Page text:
The strongly worded recommendation, which warns against any shareholder exercising "creeping control" of the London media company without paying a full and fair price, came in conjunction with an announcement that Aegis will hold an "extraordinary" general meeting, requested by Mr. Bollore, on Nov. 22.
Mr. Bollore, through his company Groupe Bollore, controls 29.3% of Aegis shares. His nominees are Philippe Germond, a former executive at telecommunications-equipment maker Alcatel, and Roger Hatchuel, the former owner of the Cannes Lions International Advertising Festival. Under U.K. law, any shareholder owning more than 10% of a company can request a shareholders' meeting to vote on particular issues. Once Mr. Bollore owns more than 30% of the company, he is required by law to make a bid for it.
Second time around
This is the second time this year that Aegis shareholders have had to respond to Mr. Bollore's demands, and the second time that Aegis has opposed his nominees. In June, at Aegis' annual general meeting, owners of Aegis shares defeated resolutions nominating the same two men to the board. According to Aegis, 94% of non-Groupe Bollore shareholders voted against the request.
Aegis' reasons for guiding its shareholders against Mr. Bollore's nominees have not changed since the summer. The company believes that any nominee put forward by Groupe Bollore has an "overriding conflict of interest" that makes the nominee inappropriate to act as a director. Mr. Bollore, through his company, owns a large share of French advertising holding company Havas, of which he is also chairman. Havas owns a competing media agency, MPG; Aegis maintains that any director successfully nominated by Mr. Bollore would be privy to information about its strategy and plans, which wouldn't serve Aegis shareholders well.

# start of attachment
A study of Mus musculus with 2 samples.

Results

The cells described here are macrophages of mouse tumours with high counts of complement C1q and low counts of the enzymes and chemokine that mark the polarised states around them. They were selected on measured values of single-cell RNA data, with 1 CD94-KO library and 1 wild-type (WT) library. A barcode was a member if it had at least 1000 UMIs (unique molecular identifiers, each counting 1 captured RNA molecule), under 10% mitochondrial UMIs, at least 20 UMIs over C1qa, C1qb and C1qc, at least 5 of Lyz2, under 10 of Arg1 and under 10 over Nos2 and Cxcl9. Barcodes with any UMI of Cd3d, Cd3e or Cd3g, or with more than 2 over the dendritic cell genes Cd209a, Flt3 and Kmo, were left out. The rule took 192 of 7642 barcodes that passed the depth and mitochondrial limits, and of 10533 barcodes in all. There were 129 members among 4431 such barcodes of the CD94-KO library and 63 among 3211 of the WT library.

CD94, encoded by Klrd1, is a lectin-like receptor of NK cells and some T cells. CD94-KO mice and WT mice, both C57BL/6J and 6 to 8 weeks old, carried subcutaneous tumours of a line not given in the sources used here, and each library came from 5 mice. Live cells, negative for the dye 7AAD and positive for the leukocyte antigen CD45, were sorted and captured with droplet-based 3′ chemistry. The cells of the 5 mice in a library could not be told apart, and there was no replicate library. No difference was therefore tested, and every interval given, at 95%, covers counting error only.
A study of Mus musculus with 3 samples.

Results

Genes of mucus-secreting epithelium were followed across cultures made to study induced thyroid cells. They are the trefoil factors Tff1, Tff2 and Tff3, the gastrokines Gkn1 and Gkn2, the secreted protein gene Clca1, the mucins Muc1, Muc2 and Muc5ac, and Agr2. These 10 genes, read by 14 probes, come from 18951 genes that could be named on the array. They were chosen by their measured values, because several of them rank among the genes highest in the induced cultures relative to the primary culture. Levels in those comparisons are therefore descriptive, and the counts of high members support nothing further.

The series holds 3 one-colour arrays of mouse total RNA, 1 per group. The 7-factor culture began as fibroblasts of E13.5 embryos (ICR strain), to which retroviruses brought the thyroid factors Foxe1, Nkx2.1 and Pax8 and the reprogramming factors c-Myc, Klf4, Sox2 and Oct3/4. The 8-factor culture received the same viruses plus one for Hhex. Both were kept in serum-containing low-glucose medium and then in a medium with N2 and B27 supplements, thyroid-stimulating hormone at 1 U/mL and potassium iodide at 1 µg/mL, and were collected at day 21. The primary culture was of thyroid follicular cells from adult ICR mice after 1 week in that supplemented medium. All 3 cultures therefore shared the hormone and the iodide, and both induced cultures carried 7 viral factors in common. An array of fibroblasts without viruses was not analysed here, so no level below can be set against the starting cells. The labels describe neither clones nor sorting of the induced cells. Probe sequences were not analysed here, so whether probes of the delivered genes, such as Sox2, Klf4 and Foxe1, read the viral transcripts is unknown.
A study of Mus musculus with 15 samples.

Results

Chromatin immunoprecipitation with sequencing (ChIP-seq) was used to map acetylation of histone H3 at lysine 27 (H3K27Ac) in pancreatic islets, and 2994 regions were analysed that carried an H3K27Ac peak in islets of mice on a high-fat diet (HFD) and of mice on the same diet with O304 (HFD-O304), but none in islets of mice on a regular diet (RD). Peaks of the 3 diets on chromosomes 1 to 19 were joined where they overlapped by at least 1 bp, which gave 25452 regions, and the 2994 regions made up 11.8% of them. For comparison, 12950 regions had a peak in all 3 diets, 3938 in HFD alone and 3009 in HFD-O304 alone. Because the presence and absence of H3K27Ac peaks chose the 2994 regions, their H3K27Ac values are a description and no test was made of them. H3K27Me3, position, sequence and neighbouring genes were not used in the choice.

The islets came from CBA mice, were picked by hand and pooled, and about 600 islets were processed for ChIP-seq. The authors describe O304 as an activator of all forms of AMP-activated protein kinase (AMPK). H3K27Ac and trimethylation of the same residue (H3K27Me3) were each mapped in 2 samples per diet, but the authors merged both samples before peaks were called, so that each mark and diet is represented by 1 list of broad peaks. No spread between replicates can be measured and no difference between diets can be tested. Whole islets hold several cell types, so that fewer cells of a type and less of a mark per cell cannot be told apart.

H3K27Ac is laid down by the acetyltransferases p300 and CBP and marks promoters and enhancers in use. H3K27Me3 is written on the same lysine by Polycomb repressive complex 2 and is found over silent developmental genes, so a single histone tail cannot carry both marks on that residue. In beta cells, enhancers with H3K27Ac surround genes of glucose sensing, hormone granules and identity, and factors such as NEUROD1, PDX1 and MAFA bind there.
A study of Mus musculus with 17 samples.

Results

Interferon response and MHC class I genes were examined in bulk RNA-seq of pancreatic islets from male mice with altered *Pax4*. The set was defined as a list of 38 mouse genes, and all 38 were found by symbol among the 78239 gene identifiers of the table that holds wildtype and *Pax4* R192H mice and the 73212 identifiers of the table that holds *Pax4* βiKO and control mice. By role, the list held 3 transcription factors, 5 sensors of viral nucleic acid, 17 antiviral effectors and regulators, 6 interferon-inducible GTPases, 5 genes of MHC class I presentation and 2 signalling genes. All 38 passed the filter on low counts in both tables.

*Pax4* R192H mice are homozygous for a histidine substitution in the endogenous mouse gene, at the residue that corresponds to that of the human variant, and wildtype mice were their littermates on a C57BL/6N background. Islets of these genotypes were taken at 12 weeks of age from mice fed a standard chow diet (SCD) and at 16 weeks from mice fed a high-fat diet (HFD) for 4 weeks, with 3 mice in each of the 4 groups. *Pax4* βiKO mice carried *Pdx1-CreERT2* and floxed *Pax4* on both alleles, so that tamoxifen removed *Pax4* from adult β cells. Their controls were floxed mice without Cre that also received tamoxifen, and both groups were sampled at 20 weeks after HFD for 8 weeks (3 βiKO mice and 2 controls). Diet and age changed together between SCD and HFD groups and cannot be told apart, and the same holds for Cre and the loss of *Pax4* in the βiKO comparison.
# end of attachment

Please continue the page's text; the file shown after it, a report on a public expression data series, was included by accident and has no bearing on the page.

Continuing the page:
Aegis also said its board opposes adding directors it believes may favor one shareholder group over the interests of shareholders as a whole. In the shareholders' notice released today, Aegis seemed to take pains to avoid pointing fingers directly at Mr. Bollore, saying it "will always resist the efforts of any particular shareholder who seeks to exercise any form of undue influence or creeping control over the company without offering a full and fair price to all shareholders for that privilege."
Aegis urged all shareholders to vote at the coming meeting, noting that at the meeting in June, only 76.6% of outstanding shares were voted -- 31.9% were cast in favor of the Groupe Bollore resolutions and 44.7% against -- and any reduction in turnout "could see" Groupe Bollore's resolutions approved. "Your vote is ... vital: Every vote exercised against Groupe Bollore's resolutions will increase the hurdle that Groupe Bollore is required to cross," Aegis told shareholders.